High Falls Creek

The following beta and photos were
provided by Chris Hood
of Vancouver BC.

October 5, 2003 Reconnaissance

High Falls Creek is a serious canyoneering objective located near the town of Squamish in southwestern British Columbia. Access to the canyon begins at the town of Squamish and follows Highway 99 north out of town. After leaving the last traffic light in town, the highway passes a junction to the suburb of Brackendale, then initiates a long climb through a wooded area. The next junction is for the Squamish Valley Road and Alice Lake Provincial Park-turn left here and follow the paved Squamish Valley Road. Keep left after crossing the Cheakamus River Bridge and follow the winding, but still paved route through wooded flatlands and Squamish Reserve lands to a small cluster of farms. The pavement ends at the milepost 20-continue straight of a broad dirt mainline, soon reaching a short section of pavement near a power station. Not far beyond, the once-again dirt road crosses a creek beyond M.P. 22. Parking occurs on either side of the road, and during the spring and summer can be packed.

High Falls Creek is paralleled by a trail that crosses a short stretch of flatland before beginning a very steep ascent through dry forest and bluffs. A short spur trail leaves on the right at the base of the first bluff and leads down to the mouth of the canyon. The main trail is steep to very steep in places and in a few spots includes short sections of cable or chain for assistance. The track allows for a multitude of access point to the canyon rim, but the narrowness of the gorge and steepness of terrain prevents good views of the canyon bottom. The trail quickly climbs to a viewpoint of the main waterfall in the gorge, then leaves the canyon edge soon after to climb through forest for a ways before reaching cutblocks and a logging road on the upper end. One can continue down the logging road to the Squamish Valley mainline, followed by a ~1 mile walk back to the parking area.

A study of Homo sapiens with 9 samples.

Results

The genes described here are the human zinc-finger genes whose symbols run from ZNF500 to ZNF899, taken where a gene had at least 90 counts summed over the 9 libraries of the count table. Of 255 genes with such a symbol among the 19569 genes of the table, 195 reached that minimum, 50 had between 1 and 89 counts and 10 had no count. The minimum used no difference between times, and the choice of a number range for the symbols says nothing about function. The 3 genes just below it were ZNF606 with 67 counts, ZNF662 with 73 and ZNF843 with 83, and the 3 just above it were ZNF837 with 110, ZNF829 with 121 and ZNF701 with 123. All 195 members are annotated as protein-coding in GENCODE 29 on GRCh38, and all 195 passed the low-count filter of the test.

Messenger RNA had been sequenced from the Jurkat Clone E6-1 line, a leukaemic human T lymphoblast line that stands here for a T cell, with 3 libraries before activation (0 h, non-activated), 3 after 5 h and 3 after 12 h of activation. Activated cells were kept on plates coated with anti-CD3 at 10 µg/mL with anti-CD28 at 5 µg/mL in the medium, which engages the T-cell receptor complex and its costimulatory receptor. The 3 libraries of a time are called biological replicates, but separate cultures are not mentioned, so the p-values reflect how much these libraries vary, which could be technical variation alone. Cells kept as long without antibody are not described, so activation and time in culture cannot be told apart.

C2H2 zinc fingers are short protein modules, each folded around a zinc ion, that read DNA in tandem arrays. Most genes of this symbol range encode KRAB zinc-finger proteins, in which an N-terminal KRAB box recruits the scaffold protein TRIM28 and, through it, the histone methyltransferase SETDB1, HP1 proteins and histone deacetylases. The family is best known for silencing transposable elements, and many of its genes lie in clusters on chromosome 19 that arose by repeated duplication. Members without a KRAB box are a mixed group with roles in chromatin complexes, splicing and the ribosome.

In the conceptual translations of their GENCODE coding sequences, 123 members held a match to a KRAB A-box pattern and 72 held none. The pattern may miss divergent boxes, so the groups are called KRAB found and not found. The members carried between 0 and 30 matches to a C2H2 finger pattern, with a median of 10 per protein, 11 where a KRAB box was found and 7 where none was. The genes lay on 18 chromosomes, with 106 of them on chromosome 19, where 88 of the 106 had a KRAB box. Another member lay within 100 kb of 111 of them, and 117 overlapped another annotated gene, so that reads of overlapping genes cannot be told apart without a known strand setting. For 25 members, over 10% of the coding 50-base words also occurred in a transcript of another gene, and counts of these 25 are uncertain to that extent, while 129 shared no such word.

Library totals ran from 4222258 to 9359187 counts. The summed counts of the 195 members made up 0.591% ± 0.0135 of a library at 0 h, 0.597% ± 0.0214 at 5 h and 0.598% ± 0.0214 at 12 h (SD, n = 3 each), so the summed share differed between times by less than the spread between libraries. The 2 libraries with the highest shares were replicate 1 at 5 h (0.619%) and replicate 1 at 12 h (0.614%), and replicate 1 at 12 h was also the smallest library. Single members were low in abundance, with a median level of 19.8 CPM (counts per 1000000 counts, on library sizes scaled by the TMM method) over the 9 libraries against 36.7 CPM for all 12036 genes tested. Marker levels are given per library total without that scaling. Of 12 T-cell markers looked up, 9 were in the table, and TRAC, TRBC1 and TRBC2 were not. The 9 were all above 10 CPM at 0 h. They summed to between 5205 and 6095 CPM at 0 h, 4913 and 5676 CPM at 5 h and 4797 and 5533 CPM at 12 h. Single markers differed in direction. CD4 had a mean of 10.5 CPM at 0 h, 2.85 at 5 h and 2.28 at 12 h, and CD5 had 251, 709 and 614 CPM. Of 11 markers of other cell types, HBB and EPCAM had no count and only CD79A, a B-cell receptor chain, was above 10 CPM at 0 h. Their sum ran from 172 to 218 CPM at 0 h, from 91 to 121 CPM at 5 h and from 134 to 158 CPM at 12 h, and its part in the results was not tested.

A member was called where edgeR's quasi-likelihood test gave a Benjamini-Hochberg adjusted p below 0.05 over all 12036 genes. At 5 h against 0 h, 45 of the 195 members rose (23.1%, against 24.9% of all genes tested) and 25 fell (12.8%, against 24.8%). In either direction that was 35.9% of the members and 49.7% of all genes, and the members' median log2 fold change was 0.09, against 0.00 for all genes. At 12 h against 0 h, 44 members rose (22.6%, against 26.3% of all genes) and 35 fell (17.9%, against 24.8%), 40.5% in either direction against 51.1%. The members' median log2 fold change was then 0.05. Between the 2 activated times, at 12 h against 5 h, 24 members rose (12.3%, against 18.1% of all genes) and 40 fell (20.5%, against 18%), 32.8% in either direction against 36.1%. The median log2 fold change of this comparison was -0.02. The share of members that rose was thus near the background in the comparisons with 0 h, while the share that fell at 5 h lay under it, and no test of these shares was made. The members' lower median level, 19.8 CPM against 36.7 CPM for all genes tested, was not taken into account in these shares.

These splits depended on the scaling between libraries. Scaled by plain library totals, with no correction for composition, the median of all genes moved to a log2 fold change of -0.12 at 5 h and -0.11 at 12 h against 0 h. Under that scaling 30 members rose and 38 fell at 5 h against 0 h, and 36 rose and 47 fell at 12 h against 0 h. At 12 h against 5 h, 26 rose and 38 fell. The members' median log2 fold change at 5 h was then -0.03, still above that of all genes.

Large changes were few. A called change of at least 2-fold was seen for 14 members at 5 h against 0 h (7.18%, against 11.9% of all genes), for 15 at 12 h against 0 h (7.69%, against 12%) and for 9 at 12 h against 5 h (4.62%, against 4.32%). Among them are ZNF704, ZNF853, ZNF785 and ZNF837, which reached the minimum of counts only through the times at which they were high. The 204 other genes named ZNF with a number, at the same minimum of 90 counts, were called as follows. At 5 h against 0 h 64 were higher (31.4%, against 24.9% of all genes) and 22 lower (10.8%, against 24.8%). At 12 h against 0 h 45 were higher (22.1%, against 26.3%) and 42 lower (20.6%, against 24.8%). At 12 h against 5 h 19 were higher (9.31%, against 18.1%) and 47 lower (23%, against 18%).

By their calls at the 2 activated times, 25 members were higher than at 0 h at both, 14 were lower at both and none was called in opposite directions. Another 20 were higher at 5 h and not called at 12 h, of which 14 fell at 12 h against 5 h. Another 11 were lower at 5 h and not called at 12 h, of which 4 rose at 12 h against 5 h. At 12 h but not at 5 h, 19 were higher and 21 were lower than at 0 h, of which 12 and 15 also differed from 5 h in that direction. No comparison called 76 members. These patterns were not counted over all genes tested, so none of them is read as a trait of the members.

A recent visit to the canyon included two elements. The very low water conditions of the Fall of 2003 allowed for an attempted ascent up the canyon to the base of the big waterfall. The initial stretch of canyon is not too narrow, but quite deep, with lots of wades and slippery rocks. A few small cascades and easy boulder problems lead up to two swimmers, linked by a 3-4 meter cascade. Above the second pool, the canyon narrows somewhat above another 4-5 meter cascade. A slimy V1-V2 (?) boulder problem looked necessary to get above this point, but the stream appears to fill the gorge bottom above. The clear water and lushly vegetated walls makes this a pretty scramble to this point (guessing 300 meters above the entrance point).

I also assessed the canyon from the rim, with the gorge bottom not easily visible up to main cascade. The big waterfall still had quite a bit of water flowing over it and falls into a tight cul-de-sac with no easy views of the base. The upper part of the fall consists of two short (8-10 m?) plunges into pools with no good stances or obvious anchors, followed by the main falls. The sheer, or nearly so, main cascade is probably greater than 60 meters in height, and there are probably more falls below, although not likely higher than 10 meters. Above the cascade, the creek falls through a pair of scenic punchbowl falls before entering a short, but very narrow slot (1 m?) filled with water. This section looks quite difficult, and getting into position for the main drop is problematic. One possibility involves ascending a fracture line on the left just below the slot to a treed ledge, then anchoring off a tree and rapping to an intermediate ledge. From the ledge, a team could then do the long rap into the canyon proper, avoiding the worst of the big falls. The area above the punchbowl falls was not assessed, but it is believed that the canyon extends for some distance above.

The potential difficulty of this canyon cannot be over-emphasized. Water flow in particular should be assessed closely, and any aspiring party should scout the canyon intensely before attempting. Minimum required gear would include full rappelling gear, including a 100 meter rope, several shorter lengths, drysuits, lots of webbing, and a bolt kit-probably required for several points. A lot a wet canyon experience would also help.

     
 
Barrier Falls:
Looking down canyon from the top.
High Falls:
Only the top third of the waterfall is visible.